Although Kyler Murray placing himself into this year’s draft-eligible quarterback crop increased the buzz surrounding it, the 2019 class has not brought the intrigue 2018’s did. Murray and Dwayne Haskins enter the Combine as the top QBs, and Daniel Jeremiah of NFL.com rates the Heisman Trophy winner over the more traditional prospect. However, Jeremiah said (via Mary Kay Cabot of cleveland.com) neither Murray nor Haskins would have ranked among the top-three quarterback prospects in last year’s draft. The longtime draft analyst would place Murray alongside Josh Allen and Haskins in between those two and Lamar Jackson, if all seven players were in one draft. With a 2020 draft group expected to be better than 2019’s, teams will have to weigh risks that come with selecting a passer in this year’s prospect pool.
Here is the latest from the draft world:
- A member of the stacked Clemson defensive line that is set to populate draft boards, Austin Bryant will not be participating to the degree his ex-Tiger teammates will in Indianapolis. Bryant underwent surgery to repair a torn pectoral muscle, Ian Rapoport of NFL.com reports (on Twitter), and will not do drills at the Combine. This injury happened Nov. 3, but Bryant played through it, recording 8.5 sacks and 15 tackles for loss as a senior, and did not go under the knife until Jan. 17.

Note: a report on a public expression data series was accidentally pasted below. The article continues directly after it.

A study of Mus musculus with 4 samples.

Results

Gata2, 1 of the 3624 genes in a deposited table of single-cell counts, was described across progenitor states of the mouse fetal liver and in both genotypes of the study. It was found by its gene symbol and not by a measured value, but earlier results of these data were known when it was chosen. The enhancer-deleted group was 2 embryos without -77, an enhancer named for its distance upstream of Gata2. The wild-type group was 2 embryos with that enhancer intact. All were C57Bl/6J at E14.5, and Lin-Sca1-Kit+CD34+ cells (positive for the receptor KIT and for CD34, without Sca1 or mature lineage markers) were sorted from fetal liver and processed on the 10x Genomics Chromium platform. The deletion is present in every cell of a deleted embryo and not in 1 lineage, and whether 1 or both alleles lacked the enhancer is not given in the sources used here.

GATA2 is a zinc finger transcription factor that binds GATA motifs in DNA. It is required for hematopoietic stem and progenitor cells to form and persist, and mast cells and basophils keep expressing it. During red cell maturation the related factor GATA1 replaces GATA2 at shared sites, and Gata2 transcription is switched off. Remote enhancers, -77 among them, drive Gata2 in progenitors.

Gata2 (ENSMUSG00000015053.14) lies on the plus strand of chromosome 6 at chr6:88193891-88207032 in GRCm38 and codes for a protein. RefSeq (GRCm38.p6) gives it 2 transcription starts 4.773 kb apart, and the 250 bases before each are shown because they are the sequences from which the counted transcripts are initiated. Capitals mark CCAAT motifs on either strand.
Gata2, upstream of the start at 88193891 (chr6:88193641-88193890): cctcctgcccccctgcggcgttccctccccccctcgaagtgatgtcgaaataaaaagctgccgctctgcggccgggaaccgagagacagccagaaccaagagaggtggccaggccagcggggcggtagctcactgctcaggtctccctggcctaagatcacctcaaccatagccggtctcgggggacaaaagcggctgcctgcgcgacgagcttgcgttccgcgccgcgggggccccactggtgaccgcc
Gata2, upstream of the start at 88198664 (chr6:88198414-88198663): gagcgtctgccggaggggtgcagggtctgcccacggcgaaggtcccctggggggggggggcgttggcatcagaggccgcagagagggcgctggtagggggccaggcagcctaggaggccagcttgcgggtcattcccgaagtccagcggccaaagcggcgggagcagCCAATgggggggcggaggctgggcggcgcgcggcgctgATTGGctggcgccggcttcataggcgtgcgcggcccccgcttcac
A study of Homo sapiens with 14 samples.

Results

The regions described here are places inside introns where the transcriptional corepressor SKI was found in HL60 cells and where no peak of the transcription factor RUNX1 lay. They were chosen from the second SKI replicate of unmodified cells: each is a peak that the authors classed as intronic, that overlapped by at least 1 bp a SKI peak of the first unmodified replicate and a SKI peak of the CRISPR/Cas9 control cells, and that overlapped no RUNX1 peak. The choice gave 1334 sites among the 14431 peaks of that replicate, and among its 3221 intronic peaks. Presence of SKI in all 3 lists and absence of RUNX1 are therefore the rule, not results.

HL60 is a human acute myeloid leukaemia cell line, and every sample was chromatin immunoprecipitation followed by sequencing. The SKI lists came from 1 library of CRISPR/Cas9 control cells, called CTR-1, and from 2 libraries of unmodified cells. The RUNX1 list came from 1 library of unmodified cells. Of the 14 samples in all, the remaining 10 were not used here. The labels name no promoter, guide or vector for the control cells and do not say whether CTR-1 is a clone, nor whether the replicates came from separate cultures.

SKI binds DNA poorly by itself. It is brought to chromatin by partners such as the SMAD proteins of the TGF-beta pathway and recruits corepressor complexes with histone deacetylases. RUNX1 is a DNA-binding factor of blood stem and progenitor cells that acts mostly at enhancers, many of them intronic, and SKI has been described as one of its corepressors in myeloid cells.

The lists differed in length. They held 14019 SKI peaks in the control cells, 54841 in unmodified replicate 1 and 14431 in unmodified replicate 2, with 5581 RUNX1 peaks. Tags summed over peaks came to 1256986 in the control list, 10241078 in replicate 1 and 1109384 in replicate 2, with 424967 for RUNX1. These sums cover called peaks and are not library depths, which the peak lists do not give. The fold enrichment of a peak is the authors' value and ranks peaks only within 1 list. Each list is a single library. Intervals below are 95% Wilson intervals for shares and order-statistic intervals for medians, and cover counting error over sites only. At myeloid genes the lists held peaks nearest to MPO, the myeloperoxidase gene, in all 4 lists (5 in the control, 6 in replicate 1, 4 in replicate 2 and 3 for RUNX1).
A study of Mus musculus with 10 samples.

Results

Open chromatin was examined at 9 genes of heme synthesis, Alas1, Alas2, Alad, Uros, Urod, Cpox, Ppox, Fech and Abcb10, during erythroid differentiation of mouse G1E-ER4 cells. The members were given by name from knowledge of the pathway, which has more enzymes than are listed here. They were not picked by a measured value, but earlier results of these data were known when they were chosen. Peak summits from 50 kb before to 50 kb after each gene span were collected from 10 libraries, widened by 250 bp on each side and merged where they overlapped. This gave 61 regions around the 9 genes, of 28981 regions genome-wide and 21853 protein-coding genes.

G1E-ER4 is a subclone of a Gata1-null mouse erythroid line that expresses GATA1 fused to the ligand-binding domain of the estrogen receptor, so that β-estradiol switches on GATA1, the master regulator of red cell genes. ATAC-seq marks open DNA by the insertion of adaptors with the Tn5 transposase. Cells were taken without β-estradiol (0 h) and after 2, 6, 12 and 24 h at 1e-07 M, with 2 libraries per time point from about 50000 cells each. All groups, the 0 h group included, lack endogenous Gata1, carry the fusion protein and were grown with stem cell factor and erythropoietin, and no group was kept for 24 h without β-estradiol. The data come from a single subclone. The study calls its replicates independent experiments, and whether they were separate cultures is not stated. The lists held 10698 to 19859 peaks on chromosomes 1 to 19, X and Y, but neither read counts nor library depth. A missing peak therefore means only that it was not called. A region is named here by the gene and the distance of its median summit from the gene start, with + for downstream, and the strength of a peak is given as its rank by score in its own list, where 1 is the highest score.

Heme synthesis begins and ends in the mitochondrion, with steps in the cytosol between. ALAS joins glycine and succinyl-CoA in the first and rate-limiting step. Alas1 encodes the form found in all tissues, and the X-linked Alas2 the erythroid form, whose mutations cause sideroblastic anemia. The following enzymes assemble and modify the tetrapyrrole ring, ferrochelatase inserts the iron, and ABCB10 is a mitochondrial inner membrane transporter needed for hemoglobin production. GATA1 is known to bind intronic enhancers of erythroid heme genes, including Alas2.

- First-round tackle prospect Jawaan Taylor will not do any drills at this year’s Combine. The former Florida standout sent a letter to NFL teams informing them a mild hamstring strain will take him out of action in Indianapolis, per ESPN.com’s Adam Schefter (on Twitter). This will likely be resolved by Taylor’s forthcoming pro day.
- One of the top tackles in this year’s class, Jonah Williams is viewed by some teams a high-end guard prospect. The Alabama product’s future appears to be inside or at right tackle, with scouts informing Manish Mehta of the New York Daily News the acclaimed blocker could be an All-Pro guard or a quality right tackle. While teams still prioritize the left tackle spot, the gap between the offensive line’s glamour position and the rest of the roles is not what it once was. Quenton Nelson, Brandon Scherff and Lane Johnson have emerged as top-six draft picks-turned-Pro Bowlers that were shuttled to non-left tackle positions, with Scherff moving inside at his NFL career’s outset. Williams played both right and left tackle at Alabama, moving to the left side after his freshman year.